The popularity of the “Park of Forgiveness” at the recently concluded World Youth Day in Lisbon clearly shows that young people are thirsting for God. There were crowds of young people in search of God’s mercy, even if it meant waiting a long time under the scorching sun. Amazed priests spontaneously donned their stoles outside the perimeter and beyond time limits initially set to bring the Lord’s consolation to tearful young people in the shade of trees. The area for confessionals was set up in front of the Hieronymites monastery in the port district of Bélem.
Three young WYD participants — a Guatemalan, an Italian and a Spaniard — went to confession with Pope Francis in the “Park of Forgiveness” on Friday morning, August 4.
Silvia, a 19-year-old student from Texas, dreamed of coming to WYD after the frustrations of the pandemic. She couldn’t find a group to sign up with from her hometown, but volunteered to help other young people, using her knowledge of Spanish and Portuguese. This young American Catholic was impressed to see so many pilgrims lining up for confession.
“I see a lot of young people from countries with a Protestant tradition like the USA or Scotland, where Catholics are in the minority, lining up in the sunshine to come and talk to a priest. It’s really touching, it shows that God’s love is real!” she said enthusiastically.
“I need a heart-to-heart conversation with Jesus, to talk to him about something that’s bothering me, to take a weight off my shoulders,” said Anaelle, from Mauritius. Ruben, a young Portuguese man who lived in France for eight years, admitted that he hadn’t been to confession for a long time and had abandoned the practice. “But why not try it again?” he said to himself as he observed the other young people, without yet having taken the plunge.
For his part, Gaspard, a young Belgian from Namur, went to receive the Sacrament of Reconciliation, but he admitted to having been very hesitant. “I hadn’t been to confession for several years, and it was an effort, I’ll admit. But I’m glad I did it. It’s very calming, and it allows me to make a fresh start. Surprisingly, I feel calmer!”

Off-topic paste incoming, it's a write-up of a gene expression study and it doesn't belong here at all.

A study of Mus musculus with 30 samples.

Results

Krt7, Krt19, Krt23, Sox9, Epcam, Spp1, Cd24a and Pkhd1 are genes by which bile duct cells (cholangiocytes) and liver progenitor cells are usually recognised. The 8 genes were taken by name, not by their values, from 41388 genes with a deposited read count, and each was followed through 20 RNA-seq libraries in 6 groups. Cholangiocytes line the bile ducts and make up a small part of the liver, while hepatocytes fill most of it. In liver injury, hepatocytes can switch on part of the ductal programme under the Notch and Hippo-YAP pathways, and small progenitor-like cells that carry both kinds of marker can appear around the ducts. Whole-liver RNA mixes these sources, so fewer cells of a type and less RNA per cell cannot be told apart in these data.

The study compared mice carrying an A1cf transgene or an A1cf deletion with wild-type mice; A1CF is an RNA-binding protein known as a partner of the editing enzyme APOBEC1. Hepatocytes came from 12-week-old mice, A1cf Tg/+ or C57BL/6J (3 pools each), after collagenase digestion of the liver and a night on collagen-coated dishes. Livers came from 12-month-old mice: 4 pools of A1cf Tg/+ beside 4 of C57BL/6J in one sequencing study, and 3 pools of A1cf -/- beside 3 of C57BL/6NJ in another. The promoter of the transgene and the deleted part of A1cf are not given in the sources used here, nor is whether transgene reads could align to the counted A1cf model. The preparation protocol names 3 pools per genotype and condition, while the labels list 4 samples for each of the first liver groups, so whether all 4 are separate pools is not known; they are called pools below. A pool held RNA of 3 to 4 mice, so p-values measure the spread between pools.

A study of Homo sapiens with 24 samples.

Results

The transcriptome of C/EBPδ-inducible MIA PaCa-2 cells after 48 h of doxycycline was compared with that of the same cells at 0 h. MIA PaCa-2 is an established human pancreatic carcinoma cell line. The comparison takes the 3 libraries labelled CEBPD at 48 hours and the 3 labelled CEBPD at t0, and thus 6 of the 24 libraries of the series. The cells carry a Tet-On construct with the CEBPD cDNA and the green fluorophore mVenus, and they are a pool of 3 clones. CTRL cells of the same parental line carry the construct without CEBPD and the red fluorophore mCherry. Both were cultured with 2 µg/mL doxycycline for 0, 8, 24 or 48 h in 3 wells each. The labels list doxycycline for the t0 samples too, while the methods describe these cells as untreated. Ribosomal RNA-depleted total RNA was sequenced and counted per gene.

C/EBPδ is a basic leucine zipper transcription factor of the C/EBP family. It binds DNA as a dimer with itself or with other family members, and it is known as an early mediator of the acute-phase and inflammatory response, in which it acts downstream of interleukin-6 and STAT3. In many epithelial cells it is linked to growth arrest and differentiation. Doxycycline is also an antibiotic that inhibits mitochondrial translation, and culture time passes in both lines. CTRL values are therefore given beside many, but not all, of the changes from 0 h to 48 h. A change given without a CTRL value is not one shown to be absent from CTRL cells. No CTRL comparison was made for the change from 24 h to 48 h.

The radiant joy of a priest from Algeria
During the week of WYD, between 10,000 and 15,000 young people went to confession every day starting on Tuesday, August 1, in one of the 150 confessionals set up in the space. Priests speaking a total of 50 different languages made themselves available to the young people. The priests volunteering for this service themselves formed another queue, before being distributed according to linguistic needs.
Among them was Fr. Vincent Kiererezi, a priest of the White Fathers of Ugandan nationality and young vicar general of the Diocese of Laghouat, in the Algerian Sahara. He came to Lisbon with a delegation of some 20 young people from Algeria — including five Algerian citizens — and was delighted to be able to put himself at the service of young people from all over the world, whether French-speaking, English-speaking or Arabic-speaking.
“I heard confessions yesterday and decided to come back today, because I was so touched to see the joy that flows from God’s goodness when we offer the Sacrament of Reconciliation. Young people receive God’s love and mercy, and then they are called to share God’s mercy with everyone else,” marveled the young priest, who will celebrate 10 years as a priest next year. “I’m living my first WYD, and this experience of confession has been marvelous,” testified the religious, more accustomed to the desert expanses of the Sahara than to the compact, noisy crowds of the WYD.
This missionary immersed in relations with Muslims in southern Algeria also sees in the expression of God’s mercy a way of reaching out to believers in Islam. “I meet people every day, in my daily life, who want to meet me and talk about God. Once, a young Muslim woman even came to ask me for confession before her wedding. I couldn’t give her the sacrament of confession as such, but her request shows that people need to feel God’s love. I see it every day,” he assured us.
“Muslims confide in us priests because they find we have an attentive ear. It’s important for us Christians to bear witness to God’s love,” explains the White Father, testifying to the unexpected radiance of the Sacrament of Confession, from the joyful crowds at WYD to the world’s most remote and desolate lands, where Catholic religious quietly offer the people around them oases of spiritual breath.